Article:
A Flourish With Drums and Trumpets

Banner - first line of score - William Byrd Oxford march

· 24 June 2018 ·
[My eponymous march, including a playlist with variations]

From Act III, Scene 2 of All’s Well That Ends Well:

I know a man that had this trick of
melancholy sold a goodly manor for a song.

[Note: The First Folio says hold instead of sold. Printer’s typo. I wasn’t able to check the proofs.]

The song was The Earl of Oxford’s March. The melancholy man was one of the most undisguised self-outings I ever put into my work. I was famous (okay, infamous) for selling manors, and this reference was specific.

First, here’s the tune.

The Earle of Oxfords Marche

Will Byrd wrote it for me. I don’t recall exactly when, I think it was not long after the defeat of the Armada in 1588.

My march was initially played on virginals, an early keyboard like a small harpsichord. The digitised version above uses the original (or earliest known) score, found in Volume II of the Fitzwilliam Virginal Book.

Since then, most arrangements feature timpani and horns. Drums and trumpets. It’s a stately yet martial fanfare, popular with brass bands.

The post banner shows the first four bars of the original arrangement. You can see the whole thing at musescore.com, which is also where the audio file came from. The internet is a gift.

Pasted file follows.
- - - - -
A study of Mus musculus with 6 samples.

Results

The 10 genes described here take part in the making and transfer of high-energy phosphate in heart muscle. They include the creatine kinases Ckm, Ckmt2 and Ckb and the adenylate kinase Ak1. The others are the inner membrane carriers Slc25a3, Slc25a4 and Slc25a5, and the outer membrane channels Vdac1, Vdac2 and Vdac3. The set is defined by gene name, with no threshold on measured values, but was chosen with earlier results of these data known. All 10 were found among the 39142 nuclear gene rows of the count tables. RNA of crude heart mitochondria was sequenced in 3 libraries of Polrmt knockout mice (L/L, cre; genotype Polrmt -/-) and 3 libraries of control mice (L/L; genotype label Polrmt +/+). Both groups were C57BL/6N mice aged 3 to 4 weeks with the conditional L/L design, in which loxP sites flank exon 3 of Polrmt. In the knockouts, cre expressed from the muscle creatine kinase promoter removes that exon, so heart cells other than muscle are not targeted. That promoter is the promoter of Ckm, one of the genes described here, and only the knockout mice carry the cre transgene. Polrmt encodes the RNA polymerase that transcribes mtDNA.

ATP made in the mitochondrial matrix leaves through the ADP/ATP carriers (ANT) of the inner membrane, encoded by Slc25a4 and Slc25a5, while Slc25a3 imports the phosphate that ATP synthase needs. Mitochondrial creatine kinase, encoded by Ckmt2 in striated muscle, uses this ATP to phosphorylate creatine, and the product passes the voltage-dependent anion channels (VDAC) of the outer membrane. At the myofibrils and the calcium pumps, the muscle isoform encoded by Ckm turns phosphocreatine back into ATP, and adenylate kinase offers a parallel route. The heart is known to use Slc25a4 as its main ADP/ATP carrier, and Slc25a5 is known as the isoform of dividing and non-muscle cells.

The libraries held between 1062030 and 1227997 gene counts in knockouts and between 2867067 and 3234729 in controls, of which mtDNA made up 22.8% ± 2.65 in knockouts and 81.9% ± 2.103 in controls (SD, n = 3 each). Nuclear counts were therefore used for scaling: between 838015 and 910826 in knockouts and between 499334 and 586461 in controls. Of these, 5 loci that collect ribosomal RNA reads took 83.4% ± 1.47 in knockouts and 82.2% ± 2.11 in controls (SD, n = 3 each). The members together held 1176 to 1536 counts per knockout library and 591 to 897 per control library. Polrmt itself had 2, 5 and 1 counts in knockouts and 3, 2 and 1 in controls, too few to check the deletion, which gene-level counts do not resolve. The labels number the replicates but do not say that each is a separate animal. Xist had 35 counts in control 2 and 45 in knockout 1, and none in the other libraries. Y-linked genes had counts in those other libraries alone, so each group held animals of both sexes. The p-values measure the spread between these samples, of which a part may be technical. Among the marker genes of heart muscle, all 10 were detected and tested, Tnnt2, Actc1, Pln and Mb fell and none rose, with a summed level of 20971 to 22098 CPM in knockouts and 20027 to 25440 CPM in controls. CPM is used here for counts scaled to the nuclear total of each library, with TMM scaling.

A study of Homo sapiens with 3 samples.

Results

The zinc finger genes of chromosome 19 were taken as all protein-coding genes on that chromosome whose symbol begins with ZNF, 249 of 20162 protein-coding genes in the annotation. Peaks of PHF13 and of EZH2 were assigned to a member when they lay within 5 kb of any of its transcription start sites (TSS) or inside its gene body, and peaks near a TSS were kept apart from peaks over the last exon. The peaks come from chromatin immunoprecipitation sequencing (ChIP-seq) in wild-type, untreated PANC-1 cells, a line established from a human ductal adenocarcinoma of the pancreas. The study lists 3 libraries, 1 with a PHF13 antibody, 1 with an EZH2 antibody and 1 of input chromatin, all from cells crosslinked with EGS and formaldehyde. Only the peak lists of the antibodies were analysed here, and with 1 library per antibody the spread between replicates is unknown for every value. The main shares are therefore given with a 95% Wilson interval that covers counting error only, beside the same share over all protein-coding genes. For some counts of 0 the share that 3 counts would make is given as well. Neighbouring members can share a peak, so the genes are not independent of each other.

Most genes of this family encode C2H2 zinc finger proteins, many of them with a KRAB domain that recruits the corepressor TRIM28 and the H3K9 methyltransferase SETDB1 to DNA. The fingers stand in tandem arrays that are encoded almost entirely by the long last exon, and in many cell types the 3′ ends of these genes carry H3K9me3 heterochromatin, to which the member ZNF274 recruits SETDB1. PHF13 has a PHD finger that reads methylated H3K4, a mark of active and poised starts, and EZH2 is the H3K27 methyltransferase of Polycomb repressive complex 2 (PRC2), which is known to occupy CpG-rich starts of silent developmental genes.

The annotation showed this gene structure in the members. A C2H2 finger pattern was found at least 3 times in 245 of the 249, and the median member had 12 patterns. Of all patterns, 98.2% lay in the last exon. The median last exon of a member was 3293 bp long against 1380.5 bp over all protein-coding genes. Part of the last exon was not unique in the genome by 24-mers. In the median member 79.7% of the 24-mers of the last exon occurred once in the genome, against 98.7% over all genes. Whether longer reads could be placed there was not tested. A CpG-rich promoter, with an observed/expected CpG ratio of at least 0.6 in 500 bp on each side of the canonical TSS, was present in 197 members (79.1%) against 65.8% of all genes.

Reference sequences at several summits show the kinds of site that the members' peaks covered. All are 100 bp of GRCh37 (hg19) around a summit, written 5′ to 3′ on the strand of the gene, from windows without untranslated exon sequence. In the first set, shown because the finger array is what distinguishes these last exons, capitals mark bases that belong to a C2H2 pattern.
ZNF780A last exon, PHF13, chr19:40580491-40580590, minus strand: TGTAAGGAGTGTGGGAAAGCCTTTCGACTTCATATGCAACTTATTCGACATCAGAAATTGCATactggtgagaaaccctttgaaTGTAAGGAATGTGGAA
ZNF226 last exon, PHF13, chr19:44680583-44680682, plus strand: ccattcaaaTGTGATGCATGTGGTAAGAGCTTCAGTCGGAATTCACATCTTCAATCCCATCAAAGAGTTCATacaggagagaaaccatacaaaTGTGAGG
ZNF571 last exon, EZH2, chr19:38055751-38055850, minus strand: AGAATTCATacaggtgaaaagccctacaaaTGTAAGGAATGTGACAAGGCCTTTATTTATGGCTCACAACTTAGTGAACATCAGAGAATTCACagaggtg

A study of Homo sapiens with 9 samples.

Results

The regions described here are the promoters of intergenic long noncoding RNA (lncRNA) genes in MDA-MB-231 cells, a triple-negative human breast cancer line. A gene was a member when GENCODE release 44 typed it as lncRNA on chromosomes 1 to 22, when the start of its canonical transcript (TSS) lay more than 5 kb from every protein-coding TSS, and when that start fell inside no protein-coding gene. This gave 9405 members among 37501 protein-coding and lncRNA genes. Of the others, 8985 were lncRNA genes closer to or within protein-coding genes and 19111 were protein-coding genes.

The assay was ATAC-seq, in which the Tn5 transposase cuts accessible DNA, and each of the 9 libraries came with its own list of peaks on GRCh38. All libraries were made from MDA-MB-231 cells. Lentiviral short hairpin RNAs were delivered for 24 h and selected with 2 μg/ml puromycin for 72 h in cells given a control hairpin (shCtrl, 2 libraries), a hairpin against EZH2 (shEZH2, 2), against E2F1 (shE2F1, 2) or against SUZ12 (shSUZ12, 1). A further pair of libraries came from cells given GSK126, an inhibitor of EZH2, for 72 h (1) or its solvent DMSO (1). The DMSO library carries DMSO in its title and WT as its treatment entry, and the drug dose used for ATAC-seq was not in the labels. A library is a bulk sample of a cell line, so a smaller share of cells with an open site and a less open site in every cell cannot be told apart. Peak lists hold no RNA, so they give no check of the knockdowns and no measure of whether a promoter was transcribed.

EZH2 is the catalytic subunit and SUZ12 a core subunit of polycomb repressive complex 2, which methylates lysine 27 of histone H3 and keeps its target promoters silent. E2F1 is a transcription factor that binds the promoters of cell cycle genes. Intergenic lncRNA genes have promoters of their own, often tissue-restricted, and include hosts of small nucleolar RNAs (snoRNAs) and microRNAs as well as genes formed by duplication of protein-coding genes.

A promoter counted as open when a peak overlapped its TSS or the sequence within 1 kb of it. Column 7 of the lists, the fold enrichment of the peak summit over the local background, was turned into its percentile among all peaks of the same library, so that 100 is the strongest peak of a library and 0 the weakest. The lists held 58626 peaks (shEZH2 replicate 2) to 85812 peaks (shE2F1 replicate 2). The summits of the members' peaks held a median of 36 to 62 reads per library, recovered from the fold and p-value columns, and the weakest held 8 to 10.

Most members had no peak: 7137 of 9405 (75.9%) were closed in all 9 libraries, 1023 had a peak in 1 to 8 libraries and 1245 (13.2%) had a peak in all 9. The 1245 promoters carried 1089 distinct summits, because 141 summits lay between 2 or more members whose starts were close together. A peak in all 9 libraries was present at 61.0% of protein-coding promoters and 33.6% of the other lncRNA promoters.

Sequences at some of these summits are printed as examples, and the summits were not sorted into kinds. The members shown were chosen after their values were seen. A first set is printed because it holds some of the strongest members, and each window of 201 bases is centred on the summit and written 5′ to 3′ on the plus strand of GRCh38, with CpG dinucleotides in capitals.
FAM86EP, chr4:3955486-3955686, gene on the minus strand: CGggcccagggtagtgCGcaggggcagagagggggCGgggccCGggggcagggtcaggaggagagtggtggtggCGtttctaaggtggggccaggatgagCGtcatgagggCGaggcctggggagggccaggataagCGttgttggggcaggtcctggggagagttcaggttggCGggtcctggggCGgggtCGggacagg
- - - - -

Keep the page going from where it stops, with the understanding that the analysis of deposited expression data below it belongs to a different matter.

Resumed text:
William Byrd (c.1540-1623) is described as the greatest composer of the English Renaissance, possibly of everyone else’s Renaissance too. His teacher was Thomas Tallis (c.1505-1585), who composed and performed for every Tudor monarch except the first one.

Will sang like a sorry that’s too easy, and he played keys like an unplugged Rick Wakeman. He knew he was talented and he aimed high, to make a name for himself. He earned stipends from influential patrons including Elizabeth and myself.

About that goodly manor: in addition to the stipend, I once helped Will out of a serious jam over a botched real-estate deal. Long story short, his brother John got a bargain on one of my Essex properties, I got the song and the line for my play, and the English language got a new expression for selling (or buying) something at a knockdown price.

No one else would write that line.

For more details, especially about the music, you won’t find anything better than this 1998 article, William Byrd’s ‘Battle’ and the Earl of Oxford, by Sally Mosher, at the Shakespeare Oxford Fellowship website.YouTube contains a wide assortment of orchestrations, arrangements, and performances of my march. Here’s a playlist with twenty of them. Let the video run and it will play them all.